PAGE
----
Security Relevancy Analysis on the Registry of Windows NT 4.0 (for Wenliang Du)
Wenliang Du & Mahesh Tripunitara - Purdue CERIAS
Nov 19, 1999Size: 220.6MB
We have formulated the problem as an security relevancy problem, and deploy static analysis technique to identify security relevant inputs. Our approach are based on dependency analysis technique, it identifies if the behavior of any security critical action depends on certain input. If such a dependency relationship exists, we say that the input is security relevant, otherwise, we say the input is security non-relevant.
We have applied this technique to a security analysis project initiated by Microsoft Windows NT security group. The project is intended to identify security relevant registry keys (a special kind of input) in Windows NT operating system. The results produced from this approach is proved to be useful to enhance Windows NT security. We will report our experience and results from this project in the paper.
Thwarting Denial of Service Attacks against Communication Protocols with Backward Compatible Changes: A Case Study(for Mahesh Tripunitara)
We will discuss a novel approach to building safeguards against denial of service attacks against communication protocols. Our approach involves changes to the relevant communication protocol subject to the following constraint: the protocol that results from the change must be backward compatible with the unchanged protocol. That is, an entity that employs the changed protocol must be able to communicate with an entity that employs the unchanged version.
We will look at a specific problem in this context. The problem involves a class of denial of service attacks against IP. The class is called ARP (Address Resolution Protocol) cache poisoning and involves an attacker introducing a spurious IP to Ethernet mapping in a victim's ARP cache. We will discuss the solution and some implementation aspects of it. Apart from being backward compatible, our solution has two favourable properties: it is implemented as middleware, and is asynchronous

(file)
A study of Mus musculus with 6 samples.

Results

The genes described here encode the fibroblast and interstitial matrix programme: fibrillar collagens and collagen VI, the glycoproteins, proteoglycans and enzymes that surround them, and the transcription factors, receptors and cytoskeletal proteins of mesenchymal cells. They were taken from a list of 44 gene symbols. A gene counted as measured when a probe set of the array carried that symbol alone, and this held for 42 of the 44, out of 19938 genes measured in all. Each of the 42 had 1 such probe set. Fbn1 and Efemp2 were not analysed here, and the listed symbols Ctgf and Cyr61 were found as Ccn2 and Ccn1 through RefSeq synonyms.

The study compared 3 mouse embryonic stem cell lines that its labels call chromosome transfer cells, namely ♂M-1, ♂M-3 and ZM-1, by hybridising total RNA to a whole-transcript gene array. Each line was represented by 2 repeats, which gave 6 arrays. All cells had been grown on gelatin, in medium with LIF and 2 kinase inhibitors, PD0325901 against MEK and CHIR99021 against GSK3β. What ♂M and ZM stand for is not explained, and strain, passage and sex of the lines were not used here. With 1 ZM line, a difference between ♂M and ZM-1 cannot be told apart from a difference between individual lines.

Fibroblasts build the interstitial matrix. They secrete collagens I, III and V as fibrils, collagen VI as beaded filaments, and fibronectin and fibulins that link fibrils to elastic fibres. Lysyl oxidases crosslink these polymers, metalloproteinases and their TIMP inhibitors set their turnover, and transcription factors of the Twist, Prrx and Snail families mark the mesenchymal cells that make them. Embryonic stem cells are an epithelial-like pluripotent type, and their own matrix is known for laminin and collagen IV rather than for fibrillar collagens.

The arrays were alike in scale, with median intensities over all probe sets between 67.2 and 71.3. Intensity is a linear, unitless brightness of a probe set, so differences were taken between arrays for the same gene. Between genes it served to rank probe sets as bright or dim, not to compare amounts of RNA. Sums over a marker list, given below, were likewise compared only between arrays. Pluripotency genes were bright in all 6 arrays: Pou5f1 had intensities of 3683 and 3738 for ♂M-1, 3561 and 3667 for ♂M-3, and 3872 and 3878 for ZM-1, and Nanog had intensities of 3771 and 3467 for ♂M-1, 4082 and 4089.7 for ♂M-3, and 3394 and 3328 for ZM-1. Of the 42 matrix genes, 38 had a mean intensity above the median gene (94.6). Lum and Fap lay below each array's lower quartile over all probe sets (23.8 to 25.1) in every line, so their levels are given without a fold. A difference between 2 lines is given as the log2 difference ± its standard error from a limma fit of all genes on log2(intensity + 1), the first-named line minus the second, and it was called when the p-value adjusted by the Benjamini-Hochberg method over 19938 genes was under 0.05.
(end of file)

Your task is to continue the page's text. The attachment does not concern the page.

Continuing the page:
About the SpeakerMahesh Tripunitara is a PhD student of computer science at Purdue, a member of CERIAS and an advisee of Prof. Gene Spafford. At dawn, he commutes 85 miles to campus, during the day, he dreams of graduation, and during the night he snoozes at his desk. He performed part of this work during a 9-month exile at AT&T Labs, 2500 miles away. Portions of this work will be presented at the upcoming Annual Computer Security Applications Conference (ACSAC'99).
Wenliang (Kevin) Du is a PhD student of computer science at Purdue, a member of CERIAS and an advisee of Prof. Gene Spafford. His most recent research involves security testing and security analysis of software, with the focus on COTS software. He got his Bachelor's degree from the University of Science and Technology of China. He got his first industry work experience from Microsoft, where part of this work was performed. Portions of this work will be presented at the upcoming Annual Computer Security Applications Conference (ACSAC'99).